Illegal refuse dumps, unauthorised structures threat to clean Accra

BY: Timonthy Ngnenbe
 Mrs Cecilia Abena Dapaah (arrowed) making a point at a refuse dump at the Mallam Market that is being reclaimed. With her is the Chief Executive of the AMA, Mr Mohammed Nii Adjei Sowah (left)
Mrs Cecilia Abena Dapaah (arrowed) making a point at a refuse dump at the Mallam Market that is being reclaimed. With her is the Chief Executive of the AMA, Mr Mohammed Nii Adjei Sowah (left)

Illegal refuse dumps and unauthorised structures on water courses still remain a major threat to the government's agenda to make Accra the cleanest city in Africa.

Although the Accra Metropolitan Assembly (AMA) has taken steps to clear such dump sites, it is emerging that the battle against filth is far from over because residents of some parts of the city still dump refuse at unauthorised places, making the battle against filth a daunting one.


The Minister of Sanitation and Water Resources (MSWR), Ms Cecilia Abena Dapaah, who toured some of the illegal dump sites in Accra yesterday, stated that the unhealthy sites would be cleared and the land reclaimed for other purposes.

She said the reclamation process would involve the mining of plastics from the dumping sites and converting non-plastic refuse into manure.

Among the areas the minister and her entourage visited were the Mallam and the Glefe markets in the Ablekuma East and Ablekuma West municipalities, respectively, and the Korle Lagoon Ecological Restoration Project (KLERP) off the Korle Bu Mortuary Road.

The team, which included the Chief Executive of the Accra Metropolitan Assembly (AMA), Mr Mohammed Nii Adjei Sowah, also inspected some drains in Osu in the Klottey Korle Sub metro.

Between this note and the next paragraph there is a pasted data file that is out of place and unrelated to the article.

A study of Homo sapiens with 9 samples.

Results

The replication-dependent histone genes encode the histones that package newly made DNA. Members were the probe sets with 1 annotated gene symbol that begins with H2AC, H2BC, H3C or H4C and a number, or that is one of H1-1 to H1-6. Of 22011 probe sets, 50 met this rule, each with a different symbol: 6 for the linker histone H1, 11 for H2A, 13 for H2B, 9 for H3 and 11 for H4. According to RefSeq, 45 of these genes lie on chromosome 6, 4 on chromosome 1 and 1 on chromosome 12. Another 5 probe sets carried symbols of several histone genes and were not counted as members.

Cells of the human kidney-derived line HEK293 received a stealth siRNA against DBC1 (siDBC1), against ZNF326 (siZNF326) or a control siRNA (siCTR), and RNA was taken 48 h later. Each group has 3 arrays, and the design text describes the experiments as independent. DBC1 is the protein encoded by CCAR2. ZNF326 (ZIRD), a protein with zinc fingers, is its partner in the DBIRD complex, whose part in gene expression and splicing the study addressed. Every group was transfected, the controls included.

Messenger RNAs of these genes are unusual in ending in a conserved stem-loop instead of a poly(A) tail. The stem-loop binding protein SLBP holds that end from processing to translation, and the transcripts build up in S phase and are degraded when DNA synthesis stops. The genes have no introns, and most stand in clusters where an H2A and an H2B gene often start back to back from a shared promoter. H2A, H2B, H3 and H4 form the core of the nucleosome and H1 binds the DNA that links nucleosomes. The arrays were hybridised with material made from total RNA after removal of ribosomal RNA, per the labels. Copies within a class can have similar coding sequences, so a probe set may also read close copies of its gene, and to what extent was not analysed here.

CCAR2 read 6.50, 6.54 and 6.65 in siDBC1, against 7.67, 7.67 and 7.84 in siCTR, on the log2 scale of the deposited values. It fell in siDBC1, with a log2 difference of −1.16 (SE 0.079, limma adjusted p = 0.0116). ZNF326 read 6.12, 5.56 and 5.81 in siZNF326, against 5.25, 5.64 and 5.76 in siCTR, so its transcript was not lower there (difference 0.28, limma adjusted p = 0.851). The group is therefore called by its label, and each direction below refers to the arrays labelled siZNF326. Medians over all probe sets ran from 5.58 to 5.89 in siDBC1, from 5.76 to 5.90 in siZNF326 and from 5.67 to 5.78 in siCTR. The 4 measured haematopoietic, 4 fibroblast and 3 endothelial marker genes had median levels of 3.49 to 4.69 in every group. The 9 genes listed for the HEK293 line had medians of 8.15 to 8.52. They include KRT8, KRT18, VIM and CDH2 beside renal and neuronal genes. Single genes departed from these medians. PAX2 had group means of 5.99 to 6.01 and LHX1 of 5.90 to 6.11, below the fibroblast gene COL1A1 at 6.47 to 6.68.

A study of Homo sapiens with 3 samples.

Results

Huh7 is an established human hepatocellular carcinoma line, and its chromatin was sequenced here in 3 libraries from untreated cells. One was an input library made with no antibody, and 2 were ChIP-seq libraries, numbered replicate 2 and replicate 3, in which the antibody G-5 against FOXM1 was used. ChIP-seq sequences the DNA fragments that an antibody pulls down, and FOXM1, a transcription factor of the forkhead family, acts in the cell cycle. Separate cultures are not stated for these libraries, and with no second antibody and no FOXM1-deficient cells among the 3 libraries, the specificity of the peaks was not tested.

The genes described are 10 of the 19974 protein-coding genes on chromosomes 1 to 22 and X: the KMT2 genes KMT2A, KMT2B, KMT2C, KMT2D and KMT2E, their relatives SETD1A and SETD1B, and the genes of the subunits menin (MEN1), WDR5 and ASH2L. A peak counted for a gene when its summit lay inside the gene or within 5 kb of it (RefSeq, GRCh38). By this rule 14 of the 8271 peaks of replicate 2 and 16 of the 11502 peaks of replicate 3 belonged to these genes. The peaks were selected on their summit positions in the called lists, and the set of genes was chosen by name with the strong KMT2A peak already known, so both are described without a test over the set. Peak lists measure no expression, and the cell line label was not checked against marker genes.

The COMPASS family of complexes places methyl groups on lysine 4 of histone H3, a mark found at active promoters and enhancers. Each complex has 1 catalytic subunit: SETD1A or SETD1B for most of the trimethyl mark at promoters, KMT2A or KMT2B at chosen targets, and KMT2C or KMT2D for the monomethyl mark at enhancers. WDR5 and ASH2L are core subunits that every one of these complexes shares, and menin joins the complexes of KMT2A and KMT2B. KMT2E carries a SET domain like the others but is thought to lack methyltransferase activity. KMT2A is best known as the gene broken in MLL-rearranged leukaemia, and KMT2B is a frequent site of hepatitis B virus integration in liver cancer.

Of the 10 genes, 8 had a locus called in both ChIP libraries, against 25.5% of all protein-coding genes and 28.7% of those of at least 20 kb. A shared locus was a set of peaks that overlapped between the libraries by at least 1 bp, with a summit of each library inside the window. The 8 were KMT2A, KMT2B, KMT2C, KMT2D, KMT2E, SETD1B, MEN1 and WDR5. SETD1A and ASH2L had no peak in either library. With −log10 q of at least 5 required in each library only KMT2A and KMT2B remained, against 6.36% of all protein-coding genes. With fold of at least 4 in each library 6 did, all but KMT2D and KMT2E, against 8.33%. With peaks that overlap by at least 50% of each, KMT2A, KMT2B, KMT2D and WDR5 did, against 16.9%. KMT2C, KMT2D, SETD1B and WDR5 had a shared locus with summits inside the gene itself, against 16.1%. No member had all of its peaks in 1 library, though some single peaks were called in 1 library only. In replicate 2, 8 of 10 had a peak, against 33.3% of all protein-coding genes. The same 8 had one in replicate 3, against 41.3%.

During the tour, it was observed that the management of plastic waste still required more attention.

At the refuse dump near the Mallam Market, for instance, work was ongoing to reclaim the vast land that was filled with plastic waste.

At the Glefe dump site, the situation was even more dire because some unauthorised structures were on the access route to the site, making it difficult for officials of the Ablekuma West Municipal Assembly to clear the refuse.

It was also observed that toilet facilities in the community were substandard, thereby exposing residents to health risks.

The place was also inundated with flood waters following the rains that fell the previous day.

At Osu the drains in the area were choked with plastic waste.


Speaking to journalists after the tour, Ms Dapaah said efforts at making Accra the cleanest city in Africa were on course.

She said the ministry would strengthen its collaboration with metropolitan, municipal and district assemblies (MMDAs) to map out effective strategies to rid the city of filth.

"Plastic waste is a major challenge and so the focus now will be to mine the plastic, so that it can be recycled for other purposes. In the process, jobs will be created," the minister said.

Mrs Dapaah also urged stakeholders, including sanitation service providers, to play their respective roles appropriately to ensure that the war against filth was won.

For his part, Mr Adjei Sowah stated that the AMA would continue to fight filth on all fronts and also improve on the drainage in Accra.

He urged members of the public to dispose of their refuse responsibly.

The Municipal Chief Executive (MCE) for Ablekuma West, Mr George Gray, said there were ongoing engagements with key stakeholders in the Glefe area to make way for unauthorised structures on access routes to the illegal refuse dump to be cleared.